Training : : Heat and hydration

Cycling in the sun beats the rain any day. However experiencing high temperatures and humidity during full days in the saddle or racing can be exhausting and at worst be very dangerous. Having recently completed the Schleck Gran Fondo in Luxembourg the heat played a key factor racing over the 155km hilly course.

Sunburn contributes to fatigue and increases your metabolism which increases fluid needs, which will make hydration more difficult. When your body is devoting energy to keeping you cool, heavy exertion will limit your power output and performance. This can lead to mistakes, reduced concentration and in extreme circumstances collapse.

The Aussie mantra of slip slop slap is built in to their sun exposed culture to protect from the worst of prolonged exposure. Cyclists can follow a similar approach to keep safe and hydrated.

Look for cycle clothing which assists and has built in protection against sun burn. Remember the photos of Chris Froome who burnt badly through his Sky team kit. Don’t forget the head and eyes; a cycle cap can help shield your head from burns and sunglasses with UV protection protect your eyes.

Use a high factor suncream. I’ve been using P20 suncream for the last 6 years which offers up to 10 hours sun resistant as well as being great with resisting water and sweat. Remember to cover thighs and calves and the backs of your hands liberally with suncream as they’re constantly exposed to UV rays.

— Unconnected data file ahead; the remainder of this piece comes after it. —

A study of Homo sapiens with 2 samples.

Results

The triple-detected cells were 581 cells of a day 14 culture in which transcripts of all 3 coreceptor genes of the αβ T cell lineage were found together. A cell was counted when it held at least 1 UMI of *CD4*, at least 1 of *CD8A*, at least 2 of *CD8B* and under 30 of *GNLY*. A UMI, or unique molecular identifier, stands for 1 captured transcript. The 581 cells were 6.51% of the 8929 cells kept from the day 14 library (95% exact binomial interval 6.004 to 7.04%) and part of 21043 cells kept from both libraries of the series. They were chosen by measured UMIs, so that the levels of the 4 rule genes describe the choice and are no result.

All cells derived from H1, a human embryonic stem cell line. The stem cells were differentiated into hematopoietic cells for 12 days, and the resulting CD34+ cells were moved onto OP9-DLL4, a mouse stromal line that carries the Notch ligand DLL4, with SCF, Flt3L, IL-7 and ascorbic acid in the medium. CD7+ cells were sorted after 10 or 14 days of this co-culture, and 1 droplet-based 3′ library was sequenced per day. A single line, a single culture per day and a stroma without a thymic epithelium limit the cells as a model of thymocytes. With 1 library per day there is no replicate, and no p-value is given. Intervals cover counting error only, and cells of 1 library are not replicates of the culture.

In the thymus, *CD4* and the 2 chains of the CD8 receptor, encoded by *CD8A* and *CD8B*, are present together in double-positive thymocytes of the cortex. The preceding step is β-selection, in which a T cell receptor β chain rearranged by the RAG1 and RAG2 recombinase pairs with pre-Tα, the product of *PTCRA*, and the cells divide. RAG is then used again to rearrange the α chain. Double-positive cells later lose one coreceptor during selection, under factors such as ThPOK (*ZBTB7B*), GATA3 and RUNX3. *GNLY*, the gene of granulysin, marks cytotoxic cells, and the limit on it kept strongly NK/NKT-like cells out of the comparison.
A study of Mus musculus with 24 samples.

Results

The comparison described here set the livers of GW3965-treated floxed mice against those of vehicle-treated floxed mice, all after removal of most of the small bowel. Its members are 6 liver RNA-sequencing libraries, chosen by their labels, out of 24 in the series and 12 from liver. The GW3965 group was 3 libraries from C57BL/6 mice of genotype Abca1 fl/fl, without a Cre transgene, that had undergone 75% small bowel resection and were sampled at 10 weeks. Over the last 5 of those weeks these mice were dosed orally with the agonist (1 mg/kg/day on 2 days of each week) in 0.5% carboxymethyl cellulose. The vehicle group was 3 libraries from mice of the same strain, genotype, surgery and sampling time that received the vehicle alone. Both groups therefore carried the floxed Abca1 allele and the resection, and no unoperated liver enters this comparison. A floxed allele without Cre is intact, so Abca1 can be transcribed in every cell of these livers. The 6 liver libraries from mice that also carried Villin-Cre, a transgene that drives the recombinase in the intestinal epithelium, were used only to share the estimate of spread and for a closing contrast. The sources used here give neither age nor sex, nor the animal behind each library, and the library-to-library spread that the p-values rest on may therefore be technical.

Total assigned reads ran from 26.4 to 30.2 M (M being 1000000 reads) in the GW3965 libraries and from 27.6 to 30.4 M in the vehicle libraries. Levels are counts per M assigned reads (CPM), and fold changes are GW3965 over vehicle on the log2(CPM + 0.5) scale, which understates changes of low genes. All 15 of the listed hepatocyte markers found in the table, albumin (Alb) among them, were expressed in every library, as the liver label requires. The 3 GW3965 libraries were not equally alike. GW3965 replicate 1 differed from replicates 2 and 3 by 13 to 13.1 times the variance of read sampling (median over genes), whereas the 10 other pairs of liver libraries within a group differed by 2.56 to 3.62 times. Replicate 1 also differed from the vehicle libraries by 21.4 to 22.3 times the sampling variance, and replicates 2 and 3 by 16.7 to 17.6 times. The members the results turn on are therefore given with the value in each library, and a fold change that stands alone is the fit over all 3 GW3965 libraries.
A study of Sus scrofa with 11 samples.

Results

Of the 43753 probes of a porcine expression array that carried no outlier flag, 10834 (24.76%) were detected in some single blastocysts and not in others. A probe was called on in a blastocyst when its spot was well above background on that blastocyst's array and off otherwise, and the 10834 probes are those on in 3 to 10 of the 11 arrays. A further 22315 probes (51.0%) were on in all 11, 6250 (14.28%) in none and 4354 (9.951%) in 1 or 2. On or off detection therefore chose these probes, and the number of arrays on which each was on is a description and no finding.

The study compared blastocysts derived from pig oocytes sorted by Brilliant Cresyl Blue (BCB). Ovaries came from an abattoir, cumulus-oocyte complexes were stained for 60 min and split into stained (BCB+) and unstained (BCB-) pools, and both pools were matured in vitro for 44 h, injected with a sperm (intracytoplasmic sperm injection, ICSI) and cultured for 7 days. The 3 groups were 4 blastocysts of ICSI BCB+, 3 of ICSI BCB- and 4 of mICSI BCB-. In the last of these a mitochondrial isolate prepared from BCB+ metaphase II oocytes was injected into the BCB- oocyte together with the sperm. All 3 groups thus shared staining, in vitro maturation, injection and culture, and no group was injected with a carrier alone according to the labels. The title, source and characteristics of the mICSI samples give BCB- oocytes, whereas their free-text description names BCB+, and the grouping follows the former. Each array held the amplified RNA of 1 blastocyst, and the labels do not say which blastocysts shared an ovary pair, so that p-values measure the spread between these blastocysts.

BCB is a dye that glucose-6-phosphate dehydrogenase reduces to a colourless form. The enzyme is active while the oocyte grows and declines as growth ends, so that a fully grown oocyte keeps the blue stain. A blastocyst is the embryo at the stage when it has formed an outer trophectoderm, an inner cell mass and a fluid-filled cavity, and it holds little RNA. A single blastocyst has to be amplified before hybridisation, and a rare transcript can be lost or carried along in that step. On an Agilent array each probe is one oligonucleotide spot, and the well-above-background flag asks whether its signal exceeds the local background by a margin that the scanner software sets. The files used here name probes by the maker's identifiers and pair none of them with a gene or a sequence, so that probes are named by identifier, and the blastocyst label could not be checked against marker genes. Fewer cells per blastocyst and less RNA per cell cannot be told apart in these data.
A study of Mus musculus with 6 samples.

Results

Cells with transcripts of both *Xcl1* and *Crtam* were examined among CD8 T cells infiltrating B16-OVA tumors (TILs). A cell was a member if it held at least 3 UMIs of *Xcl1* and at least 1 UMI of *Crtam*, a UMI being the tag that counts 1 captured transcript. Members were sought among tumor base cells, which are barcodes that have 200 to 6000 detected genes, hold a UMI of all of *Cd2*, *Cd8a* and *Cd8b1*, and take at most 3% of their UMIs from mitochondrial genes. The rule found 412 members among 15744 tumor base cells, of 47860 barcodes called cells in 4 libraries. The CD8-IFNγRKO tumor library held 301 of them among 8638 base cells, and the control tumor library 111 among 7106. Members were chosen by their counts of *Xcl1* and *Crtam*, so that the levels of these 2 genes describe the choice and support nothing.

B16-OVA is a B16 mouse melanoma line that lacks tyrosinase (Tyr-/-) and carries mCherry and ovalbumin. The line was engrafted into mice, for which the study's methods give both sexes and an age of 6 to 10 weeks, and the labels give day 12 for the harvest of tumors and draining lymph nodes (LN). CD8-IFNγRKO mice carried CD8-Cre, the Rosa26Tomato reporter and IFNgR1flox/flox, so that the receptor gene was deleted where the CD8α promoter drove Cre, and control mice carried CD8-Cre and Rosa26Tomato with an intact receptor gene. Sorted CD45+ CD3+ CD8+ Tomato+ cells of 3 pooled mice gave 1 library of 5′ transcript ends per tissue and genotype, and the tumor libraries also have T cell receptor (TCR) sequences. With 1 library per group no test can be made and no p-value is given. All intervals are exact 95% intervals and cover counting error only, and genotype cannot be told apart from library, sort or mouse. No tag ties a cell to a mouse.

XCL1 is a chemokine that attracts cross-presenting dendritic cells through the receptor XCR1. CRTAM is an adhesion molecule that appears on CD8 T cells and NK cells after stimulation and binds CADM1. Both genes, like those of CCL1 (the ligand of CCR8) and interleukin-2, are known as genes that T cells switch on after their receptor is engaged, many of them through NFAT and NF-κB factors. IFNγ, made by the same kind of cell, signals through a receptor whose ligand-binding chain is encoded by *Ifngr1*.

Drink plenty of fluids the day and morning before. Especially important if you have been travelling on an aeroplane to the event. If you are travelling try to get out their early to acclimatise to the heat.

On the day sip from water bottles preloaded with electrolytes during your ride and swill the water around your mouth. Set a reminder on your Garmin for every 10-15mins to take a sip from your water bottle.

You could even freeze your second water bottle so its cold when you come to drink it.  Cold water in your stomach will draw heat from the core of your body and potentially boost your energy.

Pace yourself for the heat and moderate to the lower or middle of your training zone. Listen to the signals and if ever in doubt just ease up a bit. Remember on the climbs there’ll be no cooling benefit of the headwind so moderate carefully.

Post ride keep in the shade and take a protein-based recovery drink which will rehydrate you faster. Eat some watery fruit such as watermelon and grapes and remember to keep hydrated throughout the day.